Multiple uncertainties associated with natural gas need detailed exploration before giving full throttle to its adoption

Ankur Malyan
12 November 2020

Ever since Shri Dharmendra Pradhan, Minister of Petroleum and Natural Gas announced India’s target to achieve “15 per cent natural gas in the primary energy mix by 2030” (PIB 2017), the fuel has become a big-bet for the Indian economy. These numbers changed national expectations from the gas sector and hinted at multiple reforms in the road to achieving a more sustainable energy future.

At the recent edition of ‘CERAWeek India Energy Forum (26-28 October 2020)’ multiple discussions around India’s long-term natural gas outlook showcased its relevance to the global economy. Infrastructure developments, low gas prices, and market reforms offer great potential for natural gas uptake across sectors. However, there are multiple uncertainties associated with natural gas, which need detailed exploration before giving full throttle to its adoption.

Reduced barriers herald new opportunities for natural gas

The long-standing barriers of inadequate infrastructure and high gas prices are fading away with increasingly determined efforts by actors across the value chain to move to a natural gas economy. Multi-billion investments towards ‘One Nation One Gas Grid’ indicate India’s commitment to building a gas-based economy (MOPNG 2020). Historically, countries have faced high gas prices. Still, a paradigm shift towards lower prices is now being observed with the USA’s shale gas discovery and the corresponding global supply glut. In late 2019, the liquefied natural gas (LNG) price became as low as 2-3 USD/MMBtu (Jaganathan 2020; Kanoi and Abreu 2020) from 10-12 USD/MMBtu in 2012-13 (Deb and Shabaneh 2019). These lowered LNG prices, especially for the spot, have triggered a row of beneficial renegotiations in India’s long-term contracts with other countries.

The government is also pushing for multiple market reforms to facilitate transparency in pricing and to provide a levelised field for competitive adoption across natural gas consumer sectors. The recently launched India Gas Exchange and the proposed unified pipeline tariff system are intended to make the gas market open for constructive competitiveness. Additionally, India’s effort to diversify import sources of natural gas while strengthening existing bilateral energy partnerships is a strategic move to reduce geopolitical vulnerability associated with gas to strengthen our energy security.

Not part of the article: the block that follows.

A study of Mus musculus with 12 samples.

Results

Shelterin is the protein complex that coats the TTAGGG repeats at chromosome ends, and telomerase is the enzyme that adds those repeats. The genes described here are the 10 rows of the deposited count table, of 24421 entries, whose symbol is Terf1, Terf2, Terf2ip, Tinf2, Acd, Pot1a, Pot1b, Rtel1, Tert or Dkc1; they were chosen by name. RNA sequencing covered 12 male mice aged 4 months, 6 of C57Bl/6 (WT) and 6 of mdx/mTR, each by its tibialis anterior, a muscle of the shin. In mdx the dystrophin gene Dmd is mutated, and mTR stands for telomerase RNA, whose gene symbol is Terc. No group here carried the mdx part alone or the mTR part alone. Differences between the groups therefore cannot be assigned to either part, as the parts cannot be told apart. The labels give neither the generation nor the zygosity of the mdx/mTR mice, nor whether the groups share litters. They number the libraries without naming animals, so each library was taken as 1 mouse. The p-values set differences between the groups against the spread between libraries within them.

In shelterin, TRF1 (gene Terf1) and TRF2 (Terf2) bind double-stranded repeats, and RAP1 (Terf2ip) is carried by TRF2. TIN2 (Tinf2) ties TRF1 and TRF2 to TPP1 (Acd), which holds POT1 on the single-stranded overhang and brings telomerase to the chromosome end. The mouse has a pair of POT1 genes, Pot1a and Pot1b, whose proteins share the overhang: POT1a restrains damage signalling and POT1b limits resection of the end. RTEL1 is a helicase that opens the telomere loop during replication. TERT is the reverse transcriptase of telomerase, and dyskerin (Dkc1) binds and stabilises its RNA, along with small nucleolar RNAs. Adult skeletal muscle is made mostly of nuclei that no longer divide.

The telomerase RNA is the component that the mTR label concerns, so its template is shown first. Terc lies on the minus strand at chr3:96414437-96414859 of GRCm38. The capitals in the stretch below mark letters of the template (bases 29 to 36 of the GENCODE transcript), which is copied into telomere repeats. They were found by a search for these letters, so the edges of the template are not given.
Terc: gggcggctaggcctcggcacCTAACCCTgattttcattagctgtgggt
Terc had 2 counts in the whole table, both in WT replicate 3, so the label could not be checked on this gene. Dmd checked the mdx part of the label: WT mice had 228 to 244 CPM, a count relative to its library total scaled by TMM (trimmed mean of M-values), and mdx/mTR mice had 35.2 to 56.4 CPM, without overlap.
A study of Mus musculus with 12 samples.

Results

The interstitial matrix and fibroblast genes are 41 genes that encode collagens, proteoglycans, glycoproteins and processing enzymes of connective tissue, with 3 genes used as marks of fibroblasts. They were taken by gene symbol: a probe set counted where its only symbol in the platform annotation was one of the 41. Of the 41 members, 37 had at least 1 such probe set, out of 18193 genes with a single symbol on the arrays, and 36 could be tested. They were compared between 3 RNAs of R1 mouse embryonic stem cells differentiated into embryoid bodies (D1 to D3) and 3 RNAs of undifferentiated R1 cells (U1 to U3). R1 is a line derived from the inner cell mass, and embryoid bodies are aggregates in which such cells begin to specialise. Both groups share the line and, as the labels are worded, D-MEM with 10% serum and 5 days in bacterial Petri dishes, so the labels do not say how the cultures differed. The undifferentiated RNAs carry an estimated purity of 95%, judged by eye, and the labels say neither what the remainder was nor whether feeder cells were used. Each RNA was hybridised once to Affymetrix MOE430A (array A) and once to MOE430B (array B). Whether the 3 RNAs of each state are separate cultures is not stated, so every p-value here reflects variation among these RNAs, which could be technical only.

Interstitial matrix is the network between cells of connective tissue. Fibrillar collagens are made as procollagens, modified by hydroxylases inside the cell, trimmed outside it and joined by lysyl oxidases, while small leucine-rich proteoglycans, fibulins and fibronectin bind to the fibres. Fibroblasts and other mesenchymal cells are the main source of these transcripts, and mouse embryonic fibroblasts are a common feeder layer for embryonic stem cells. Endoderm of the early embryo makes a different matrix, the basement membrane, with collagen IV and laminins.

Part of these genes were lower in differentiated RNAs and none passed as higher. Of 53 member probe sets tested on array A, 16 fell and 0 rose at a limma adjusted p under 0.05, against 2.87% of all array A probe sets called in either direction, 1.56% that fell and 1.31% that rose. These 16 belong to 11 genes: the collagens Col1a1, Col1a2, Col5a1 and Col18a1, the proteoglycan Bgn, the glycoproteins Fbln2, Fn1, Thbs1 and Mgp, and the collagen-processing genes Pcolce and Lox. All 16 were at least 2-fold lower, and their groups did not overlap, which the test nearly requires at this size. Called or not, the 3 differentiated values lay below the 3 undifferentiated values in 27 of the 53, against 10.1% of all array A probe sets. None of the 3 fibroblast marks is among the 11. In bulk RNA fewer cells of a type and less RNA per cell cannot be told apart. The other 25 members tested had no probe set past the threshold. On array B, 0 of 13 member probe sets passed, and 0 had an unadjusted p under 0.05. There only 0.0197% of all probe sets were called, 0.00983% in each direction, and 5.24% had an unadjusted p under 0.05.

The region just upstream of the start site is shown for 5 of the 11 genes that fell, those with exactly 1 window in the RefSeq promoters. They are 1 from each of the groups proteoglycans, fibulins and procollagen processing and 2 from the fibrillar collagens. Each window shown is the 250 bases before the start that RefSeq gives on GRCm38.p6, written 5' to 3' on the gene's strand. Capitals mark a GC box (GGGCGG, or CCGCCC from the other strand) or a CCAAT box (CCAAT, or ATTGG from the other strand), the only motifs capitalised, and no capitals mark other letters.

Understanding uncertainties and opportunities

With natural gas adoption receiving increased attention, this is perhaps the right time for India to pause and examine the long-term implications of being a gas-based economy. Though International Energy Agency (IEA) and BP Statistics projected a limited share (6-8 per cent by 2030) of natural gas in the Indian economy (BP 2019; IEA 2018) and Chaturvedi, Nagar Koti and Chordia (2018) projected limited share of gas (3-6 per cent) in the electricity generation sector too, it could be expected to be higher given the growing infrastructure and low gas price.It remains to be seen how much the low gas prices would contribute to achieving the target of 15 per cent natural gas in the primary energy basket. Further, what a gas-based economy could offer in terms of jobs, growth, and sustainability, in the post-lockdown recovery period also needs to be explored.

High demand for natural gas would necessitate commensurate expansion of the country’s gas infrastructure. And, with it will come an increase in employment opportunities. But, as natural gas would displace other fuels, it could trigger job losses in their respective value chains. Energy security linked to higher import bills and geopolitical dependence is a matter of concern for India. While helping to reduce oil import bills, a high natural gas penetration could also increase import expenses. With increased natural gas penetration in its energy mix, India would also have to take a position in the global debate on the value of natural gas in deep decarbonisation. Natural gas is a ‘bridge or transition fuel’ derived from a fossil base. Its increased share in the primary energy mix may not be conducive to India’s long-term deep decarbonisation strategy, and this infrastructure may end-up being stranded assets and investment.

To inform the direction and quantum of India’s natural gas adoption, researchers at CEEW in association with IIM-Sambalpur are exploring the implications of being a gas-based economy. The research aims to highlight and address uncertainties behind every opportunity that a high natural gas penetration scenario presents for India in the long-term.

Ankur Malyan is a Research Analyst at the Council on Energy, Environment and Water (CEEW)Send your comments to [email protected]


BP. 2019. "BP Energy Outlook – 2019. Insights from the Evolving transition scenario – India."

Chaturvedi, Vaibhav, Poonam Nagar Koti, and Anjali Ramakrishnan Chordia. 2018. Sustainable Development, Uncertainties, and India’s Climate Policy - Pathways towards Nationally Determined Contribution and Mid-Century Strategy. New Delhi: Council on Energy, Environment and Water (CEEW).